Is FDI a Four-Letter Word for India?

By Jasper MacSlarrow

India’s Department of Industrial Policy and Promotion (DIPP) recently released numbers purporting strong international investment in the country’s pharmaceutical sector. The data, which provides a snapshot of the foreign direct investment (FDI) India attracted between April and June of this year, is layered thick with innuendo that recent patent revocations and denials during the same time period have had little effect on India’s investment climate.

When India is only comparing itself to… well, itself… perhaps that may be the takeaway. But with a promising economy and massive workforce, India is in fact significantly lagging in attracting FDI, as compared to its BRIC (Brazil, Russia, China) counterparts and evidenced in the GIPC’s recent India: The International Outlier on IP report:

india graph

Unfortunately, resource-intensive multinational companies, like the biopharmaceutical sector, aren’t necessarily flocking to India, despite its moniker “pharmacy of the world.” Following judicial and administrative rulings denying internationally recognized patents to innovative companies like Bayer, Novartis, Roche, and Pfizer just to name a few, the business community has growing concerns about the investment climate in India, especially amidst lackluster, insufficient, and precarious intellectual property (IP) rights and laws.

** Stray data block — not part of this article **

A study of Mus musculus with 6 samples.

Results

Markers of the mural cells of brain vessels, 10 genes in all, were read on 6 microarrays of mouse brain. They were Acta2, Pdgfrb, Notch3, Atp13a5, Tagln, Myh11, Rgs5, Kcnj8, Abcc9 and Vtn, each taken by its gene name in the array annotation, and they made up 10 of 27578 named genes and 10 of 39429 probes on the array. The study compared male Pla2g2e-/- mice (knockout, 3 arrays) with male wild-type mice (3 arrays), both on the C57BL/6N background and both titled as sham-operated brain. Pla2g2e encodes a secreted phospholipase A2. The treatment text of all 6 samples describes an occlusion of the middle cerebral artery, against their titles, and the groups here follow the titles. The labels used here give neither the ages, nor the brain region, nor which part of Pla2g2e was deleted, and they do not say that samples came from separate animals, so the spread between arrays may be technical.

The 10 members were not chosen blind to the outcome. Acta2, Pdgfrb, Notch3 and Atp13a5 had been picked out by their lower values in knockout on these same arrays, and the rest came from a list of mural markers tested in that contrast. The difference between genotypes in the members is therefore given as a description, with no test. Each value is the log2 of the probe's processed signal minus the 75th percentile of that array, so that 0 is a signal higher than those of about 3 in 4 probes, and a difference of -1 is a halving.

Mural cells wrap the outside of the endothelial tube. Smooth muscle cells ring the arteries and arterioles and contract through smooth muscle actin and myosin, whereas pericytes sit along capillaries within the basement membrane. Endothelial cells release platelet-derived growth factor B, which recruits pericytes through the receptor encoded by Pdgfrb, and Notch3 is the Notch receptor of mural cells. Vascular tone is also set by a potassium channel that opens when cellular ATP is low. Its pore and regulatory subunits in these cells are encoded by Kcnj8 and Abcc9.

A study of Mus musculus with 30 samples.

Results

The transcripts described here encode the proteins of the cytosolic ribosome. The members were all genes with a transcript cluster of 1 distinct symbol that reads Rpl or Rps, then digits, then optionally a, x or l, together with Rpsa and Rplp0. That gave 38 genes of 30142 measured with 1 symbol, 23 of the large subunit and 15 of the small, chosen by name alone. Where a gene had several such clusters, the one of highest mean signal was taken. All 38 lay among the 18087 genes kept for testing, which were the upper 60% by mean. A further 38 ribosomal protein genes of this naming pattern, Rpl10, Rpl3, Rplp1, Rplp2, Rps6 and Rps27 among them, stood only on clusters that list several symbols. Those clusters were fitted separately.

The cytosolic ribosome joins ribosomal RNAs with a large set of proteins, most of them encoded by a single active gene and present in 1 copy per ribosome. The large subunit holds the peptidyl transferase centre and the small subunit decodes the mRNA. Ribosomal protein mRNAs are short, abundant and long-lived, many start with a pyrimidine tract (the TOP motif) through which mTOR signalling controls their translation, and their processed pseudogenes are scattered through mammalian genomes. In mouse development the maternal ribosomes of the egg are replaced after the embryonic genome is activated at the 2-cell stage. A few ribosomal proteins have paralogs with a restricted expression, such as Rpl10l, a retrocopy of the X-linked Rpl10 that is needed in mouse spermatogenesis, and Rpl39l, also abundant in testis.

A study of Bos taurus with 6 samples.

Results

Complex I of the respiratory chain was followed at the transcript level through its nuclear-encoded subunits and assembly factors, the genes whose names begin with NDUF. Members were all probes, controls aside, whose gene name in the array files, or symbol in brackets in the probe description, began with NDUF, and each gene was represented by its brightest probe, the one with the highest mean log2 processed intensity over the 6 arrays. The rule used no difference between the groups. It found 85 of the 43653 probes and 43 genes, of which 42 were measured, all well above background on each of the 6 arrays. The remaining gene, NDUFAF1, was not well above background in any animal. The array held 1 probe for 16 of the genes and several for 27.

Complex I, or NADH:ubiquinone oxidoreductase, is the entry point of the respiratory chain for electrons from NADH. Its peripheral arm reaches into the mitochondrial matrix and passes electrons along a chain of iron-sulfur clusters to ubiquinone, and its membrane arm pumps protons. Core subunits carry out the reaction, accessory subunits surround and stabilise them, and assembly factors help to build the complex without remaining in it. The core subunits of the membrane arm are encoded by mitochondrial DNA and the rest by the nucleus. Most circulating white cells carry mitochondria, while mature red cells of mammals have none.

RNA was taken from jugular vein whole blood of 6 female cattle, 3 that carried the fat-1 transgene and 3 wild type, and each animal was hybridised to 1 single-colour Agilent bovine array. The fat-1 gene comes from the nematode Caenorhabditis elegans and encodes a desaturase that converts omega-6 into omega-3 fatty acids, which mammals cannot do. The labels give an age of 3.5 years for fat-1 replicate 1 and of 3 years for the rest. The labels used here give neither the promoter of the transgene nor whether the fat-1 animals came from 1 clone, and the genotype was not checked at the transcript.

According to the Organization for Economic Cooperation and Development (OECD), the strengthening of a national IP environment is associated with significant increases in FDI inflows. Using this model, the GIPC India report found that the country needs to strengthen its IP regime by no less than 14% (you can read the report to find what exactly we mean by strengthen) vis-à-vis the GIPC International IP Index in order to rank among other BRICs.

So, does India have promise to become a global powerhouse of innovation and major contributor to the biopharma world? Absolutely. Will India ever have the opportunity to attract foreign investment consistent with the size of its economy? Unequivocally yes. In fact, it has the opportunity today should the government and courts decide to reverse their course and stop the seemingly continuous repudiation of IP rights for both domestic and foreign firms.